Summary: By two months, 50% of infants begin to appreciate humor, researchers report. 50% of infants being to produce humor at 11 months. Children under one appreciate auditory, physical, and visual humor, including tickling, funny voices, and funny faces. Two-year-olds appreciate humor based on language development.
Source: University of Bristol
Young children’s ability to laugh and make jokes has been mapped by age for the first time using data from a new study involving nearly 700 children from birth to 4 years of age, from around the world.
The findings, led by University of Bristol researchers and published in Behavior Research Methods, identifies the earliest age humor emerges and how it typically builds in the first years of life.
Researchers from Bristol’s School of Education sought to determine what types of humor are present in early development and the ages at which different types of humor emerge. The team created the 20-question Early Humor Survey (EHS) and asked the parents of 671 children aged 0 to 47 months from the UK, US, Australia, and Canada, to complete the five-minute survey about their child’s humor development.
The team found the earliest reported age that some children appreciated humor was 1 month, with an estimated 50% of children appreciating humor by 2 months, and 50% producing humor by 11 months. The team also show that once children produced humor, they produced it often, with half of children having joked in the last 3 hours.
Of the children surveyed, the team identified 21 different types of humor. Children under one year of age appreciated physical, visual and auditory forms of humor. This included hide and reveal games (e.g., peekaboo), tickling, funny faces, bodily humor (e.g., putting your head through your legs), funny voices and noises, chasing, and misusing objects (e.g., putting a cup on your head).
One-year-olds appreciated several types of humor that involved getting a reaction from others. This included teasing, showing hidden body parts (e.g., taking off clothes), scaring others, and taboo topics (e.g., toilet humor). They also found it funny to act like something else (e.g., an animal).
Two-year-olds’ humor reflected language development, including mislabeling, playing with concepts (e.g., dogs say moo), and nonsense words. Children in this age group were also found to demonstrate a mean streak as they appreciated making fun of others and aggressive humor (e.g., pushing someone).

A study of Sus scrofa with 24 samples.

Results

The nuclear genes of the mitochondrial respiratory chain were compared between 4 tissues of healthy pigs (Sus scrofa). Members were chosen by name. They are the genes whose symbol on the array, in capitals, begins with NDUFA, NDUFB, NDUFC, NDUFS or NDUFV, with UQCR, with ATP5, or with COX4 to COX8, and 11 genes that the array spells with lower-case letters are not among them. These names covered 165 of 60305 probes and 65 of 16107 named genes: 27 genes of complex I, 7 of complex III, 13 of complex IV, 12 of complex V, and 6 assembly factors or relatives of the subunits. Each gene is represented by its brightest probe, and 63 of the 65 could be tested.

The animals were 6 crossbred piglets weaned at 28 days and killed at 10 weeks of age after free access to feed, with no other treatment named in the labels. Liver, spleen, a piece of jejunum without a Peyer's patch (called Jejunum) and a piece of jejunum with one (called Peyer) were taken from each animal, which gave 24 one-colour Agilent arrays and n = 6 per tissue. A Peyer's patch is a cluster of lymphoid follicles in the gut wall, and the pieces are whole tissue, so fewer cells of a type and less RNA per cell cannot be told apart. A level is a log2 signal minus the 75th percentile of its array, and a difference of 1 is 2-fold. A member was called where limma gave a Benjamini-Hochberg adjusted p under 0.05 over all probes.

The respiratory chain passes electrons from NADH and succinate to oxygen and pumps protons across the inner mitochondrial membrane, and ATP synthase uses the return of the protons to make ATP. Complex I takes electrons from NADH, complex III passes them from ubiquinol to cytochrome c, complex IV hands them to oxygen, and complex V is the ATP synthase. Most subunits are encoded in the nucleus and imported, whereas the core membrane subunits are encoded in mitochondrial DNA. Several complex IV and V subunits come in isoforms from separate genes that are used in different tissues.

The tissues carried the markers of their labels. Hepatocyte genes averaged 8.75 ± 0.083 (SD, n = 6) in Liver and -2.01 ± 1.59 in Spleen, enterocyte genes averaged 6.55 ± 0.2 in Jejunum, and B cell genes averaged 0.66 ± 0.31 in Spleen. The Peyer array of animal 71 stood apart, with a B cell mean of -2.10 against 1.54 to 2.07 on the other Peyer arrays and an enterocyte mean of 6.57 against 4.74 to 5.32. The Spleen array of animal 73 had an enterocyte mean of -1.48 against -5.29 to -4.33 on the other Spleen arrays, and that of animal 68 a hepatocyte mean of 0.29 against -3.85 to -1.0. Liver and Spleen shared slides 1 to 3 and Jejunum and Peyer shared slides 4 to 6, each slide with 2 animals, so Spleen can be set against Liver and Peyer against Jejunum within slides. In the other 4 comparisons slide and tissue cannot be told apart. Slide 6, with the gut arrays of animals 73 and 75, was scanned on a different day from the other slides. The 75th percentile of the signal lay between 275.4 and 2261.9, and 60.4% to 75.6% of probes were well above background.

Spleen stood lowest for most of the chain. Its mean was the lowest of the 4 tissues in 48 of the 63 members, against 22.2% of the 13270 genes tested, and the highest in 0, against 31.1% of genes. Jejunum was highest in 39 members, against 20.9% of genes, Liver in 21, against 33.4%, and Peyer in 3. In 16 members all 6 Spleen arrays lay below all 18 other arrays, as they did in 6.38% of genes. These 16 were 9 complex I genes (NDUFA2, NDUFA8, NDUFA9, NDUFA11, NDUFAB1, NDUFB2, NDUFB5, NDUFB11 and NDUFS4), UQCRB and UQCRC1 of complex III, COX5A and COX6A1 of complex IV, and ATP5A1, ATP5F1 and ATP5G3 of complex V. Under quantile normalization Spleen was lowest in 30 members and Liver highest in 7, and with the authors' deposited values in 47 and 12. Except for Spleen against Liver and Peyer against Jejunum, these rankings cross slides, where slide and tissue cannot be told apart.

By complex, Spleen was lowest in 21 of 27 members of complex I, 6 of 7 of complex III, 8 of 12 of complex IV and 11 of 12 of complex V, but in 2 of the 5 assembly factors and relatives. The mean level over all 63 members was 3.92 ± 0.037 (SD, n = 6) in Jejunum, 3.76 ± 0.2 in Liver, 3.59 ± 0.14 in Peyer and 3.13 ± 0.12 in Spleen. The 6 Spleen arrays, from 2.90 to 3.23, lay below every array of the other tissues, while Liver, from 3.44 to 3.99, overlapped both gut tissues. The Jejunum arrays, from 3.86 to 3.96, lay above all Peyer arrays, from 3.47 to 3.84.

Finally, 3-year-olds were found to play with social rules (e.g., saying naughty words to be funny), and showed the beginnings of understanding tricks and puns.
Dr. Elena Hoicka, Associate Professor in Bristol’s School of Education and the study’s lead author, said, “Our results highlight that humor is a complex, developing process in the first four years of life. Given its universality and importance in so many aspects of children’s and adults’ lives, it is important that we develop tools to determine how humor first develops so that we can further understand not only the emergence of humor itself, but how humor may help young children function cognitively, socially, and in terms of mental health.
“The Early Humor Survey addresses an important gap of when different types of humor develop. It has the potential, with more research, to be used as a diagnostic tool in early development in terms of developmental differences, and to help inform early years educators and the UK’s national curriculum for 0-5 years.”
The Early Humor Survey (EHS): A reliable parent-report measure of humor development for 1- to 47-month-olds
We created a 20-item parent-report measure of humor development from 1 to 47 months: the Early Humor Survey (EHS). We developed the EHS with Study 1 (N = 219) using exploratory factor analysis, demonstrating the EHS works with 1- to 47-month-olds with excellent reliability and a strong correlation with age, showing its developmental trajectory.
We replicated the EHS with Study 2 (N = 587), revealing a one-factor structure, showing excellent reliability, and replicating a strong correlation with age. Study 3 (N = 84) found the EHS correlated with a humor experiment, however it no longer correlated once age was accounted for, suggesting low convergent validity.
Subsamples of parents from Studies 2 and 3 showed excellent inter-observer reliability between both parents, and good longitudinal stability after 6 months. Combining participants from all studies, we found the EHS is reliable across countries (Australia, United Kingdom, United States), parent education levels, and children’s age groups. We charted expected humor development by age (in months), and the expected proportion of children who would appreciate each humor type by age (in months).
Finally, we found no demographic differences (e.g., country: Australia, Canada, United Kingdom, United States; parents’ education) in humor when pooling all data. The EHS is a valuable tool that will allow researchers to understand how humor: (1) emerges; and (2) affects other aspects of life, e.g., making friends, coping with stress, and creativity.
The EHS is helpful for parents, early years educators, and children’s media, as it systematically charts early humor development.